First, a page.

New Century Financial , one of the largest lenders to borrowers with poor credit, said U.S. prosecutors in California are conducting an investigation of trading in its securities.
The criminal investigation also covers accounting errors regarding the money the company sets aside to cover certain loans it is forced to buy back at a loss, New Century said in a
filing, adding it had agreed to assist the investigation
The lender said it won't be able to file its 2006 annual report on time, and plans to request an extension from the Securities and Exchange Commission.
The latest problems with mortgage lenders came as U.S. bank regulators moved to tighten standards on subprime borrowers.
The largest U.S. home mortgage lender, Countrywide Financial reported a sharp increase in late payments, including those for loans by borrowers with relatively strong credit records.
These warnings added to the mounting evidence of instability in the subprime mortgage market.
Regulators Tigheten Rules For Lenders
Bank regulators are issuing new guidance for mortgage lenders, based on concerns that lenders are not accounting for an "elevated credit risk", according to a draft of the guidance obtained by Reuters.
The proposed guidance asks lenders to weigh a "borrower's ability to repay the debt by its final maturity at the fully indexed rate, assuming a fully amortizing repayment schedule," the document states.
Regulators are concerned lenders are issuing mortgages to borrowers with little proof that they can repay their loan and do not fully understand the risk of increasing payments, the document states.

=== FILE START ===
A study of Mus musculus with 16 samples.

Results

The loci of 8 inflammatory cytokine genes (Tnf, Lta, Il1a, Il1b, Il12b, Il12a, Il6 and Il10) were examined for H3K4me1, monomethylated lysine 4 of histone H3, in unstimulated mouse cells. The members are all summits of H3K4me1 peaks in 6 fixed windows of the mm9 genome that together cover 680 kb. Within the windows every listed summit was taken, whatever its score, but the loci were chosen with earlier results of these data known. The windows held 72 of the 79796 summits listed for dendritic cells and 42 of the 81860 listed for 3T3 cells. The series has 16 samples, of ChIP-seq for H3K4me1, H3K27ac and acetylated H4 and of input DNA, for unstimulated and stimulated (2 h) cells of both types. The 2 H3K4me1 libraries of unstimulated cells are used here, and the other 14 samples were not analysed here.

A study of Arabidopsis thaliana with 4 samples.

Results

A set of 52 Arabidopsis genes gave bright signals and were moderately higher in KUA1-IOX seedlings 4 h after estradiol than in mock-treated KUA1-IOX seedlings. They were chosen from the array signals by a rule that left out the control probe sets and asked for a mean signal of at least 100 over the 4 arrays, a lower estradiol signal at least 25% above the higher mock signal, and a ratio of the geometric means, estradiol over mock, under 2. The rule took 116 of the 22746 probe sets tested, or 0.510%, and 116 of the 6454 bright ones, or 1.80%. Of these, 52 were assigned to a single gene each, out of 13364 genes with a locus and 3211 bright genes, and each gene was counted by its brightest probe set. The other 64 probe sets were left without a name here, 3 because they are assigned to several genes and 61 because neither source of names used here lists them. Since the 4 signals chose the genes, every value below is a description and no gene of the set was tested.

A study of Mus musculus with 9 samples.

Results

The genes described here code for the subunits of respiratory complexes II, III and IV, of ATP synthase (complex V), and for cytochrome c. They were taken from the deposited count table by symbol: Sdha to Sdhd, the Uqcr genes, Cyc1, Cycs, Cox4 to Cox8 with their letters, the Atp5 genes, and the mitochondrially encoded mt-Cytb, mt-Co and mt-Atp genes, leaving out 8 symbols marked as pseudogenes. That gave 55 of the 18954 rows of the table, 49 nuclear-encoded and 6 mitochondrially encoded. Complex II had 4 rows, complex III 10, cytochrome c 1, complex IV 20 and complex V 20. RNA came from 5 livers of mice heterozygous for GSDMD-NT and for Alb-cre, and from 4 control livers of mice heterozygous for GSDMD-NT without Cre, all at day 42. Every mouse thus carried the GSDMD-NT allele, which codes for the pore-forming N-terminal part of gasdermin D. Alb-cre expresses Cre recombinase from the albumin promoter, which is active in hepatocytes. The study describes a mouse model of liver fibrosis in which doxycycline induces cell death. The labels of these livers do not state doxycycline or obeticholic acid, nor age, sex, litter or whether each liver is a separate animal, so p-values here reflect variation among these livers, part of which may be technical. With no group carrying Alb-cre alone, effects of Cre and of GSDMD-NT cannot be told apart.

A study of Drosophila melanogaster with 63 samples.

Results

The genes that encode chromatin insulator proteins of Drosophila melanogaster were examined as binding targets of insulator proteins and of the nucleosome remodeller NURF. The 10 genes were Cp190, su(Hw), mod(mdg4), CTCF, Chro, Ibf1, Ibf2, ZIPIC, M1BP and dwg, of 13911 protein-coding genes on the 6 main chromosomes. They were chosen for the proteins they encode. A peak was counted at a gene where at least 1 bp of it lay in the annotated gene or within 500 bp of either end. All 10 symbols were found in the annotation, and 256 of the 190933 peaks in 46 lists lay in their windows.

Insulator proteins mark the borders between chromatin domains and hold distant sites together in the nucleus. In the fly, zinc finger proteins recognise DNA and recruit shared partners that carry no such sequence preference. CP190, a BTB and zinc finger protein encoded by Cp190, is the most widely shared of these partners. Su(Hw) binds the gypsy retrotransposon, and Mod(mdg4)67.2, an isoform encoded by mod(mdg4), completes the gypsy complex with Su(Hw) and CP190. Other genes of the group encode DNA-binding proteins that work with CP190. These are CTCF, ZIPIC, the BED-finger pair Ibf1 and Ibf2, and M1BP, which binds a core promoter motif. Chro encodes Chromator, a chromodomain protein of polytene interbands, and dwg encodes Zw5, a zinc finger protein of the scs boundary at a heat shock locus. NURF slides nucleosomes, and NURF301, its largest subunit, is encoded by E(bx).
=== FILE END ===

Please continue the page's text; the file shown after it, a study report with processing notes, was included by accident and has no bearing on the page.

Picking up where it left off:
Subprime borrowers could find themselves unable to afford monthly payments after the initial "teaser" rate expires and make payments for taxes and other expenses if lenders do not hold such costs in escrow, the document states. These borrowers then face the risk of "losing their home," the document states.
The document also outlines a series of consumer protection principles that lenders should bear in mind such as providing ample information about the long-term costs of the loan and the risk of future "payment shock."
Delinquencies have been increasing in the subprime sector and there have been concerns that the trend will spread to higher-quality loans and cause other ripples in the U.S. economy. Already these fears are said to have contributed to the selloff in U.S. stocks this week.
In a filing with the Securities and Exchange Commission, Countrywide said it was seeing a rise in late payments. Payments were at least 30 days late on 2.9% of prime home-equity loans serviced by the company, up from 1.6% a year earlier and 0.8% at the end of 2004, the company said.
Late payments were even more common for its subprime loans, the Calabasas, Calif., lender said. Payments were late on 19% of its subprime mortgage loans, compared with 15.2% at the end of 2005 and 11.3% at the end of 2004.
In January, Countrywide reduced its lending to people with poor credit history, as defaults rose to their highest level since at least 2002.
Separately, New Century became at least the second lender in the troubled sector to delay filing its annual report with the SEC. On Tuesday, Fremont General also said it would delay the key filing.
Earlier last month, New Century said it planned to restate its financial results for the first three quarters of last year to correct errors regarding the company's allowance for loan-repurchase losses. At that time, the Irvine, Calif., real estate investment trust delayed its fourth-quarter earnings report and said it expected to report a loss for the period.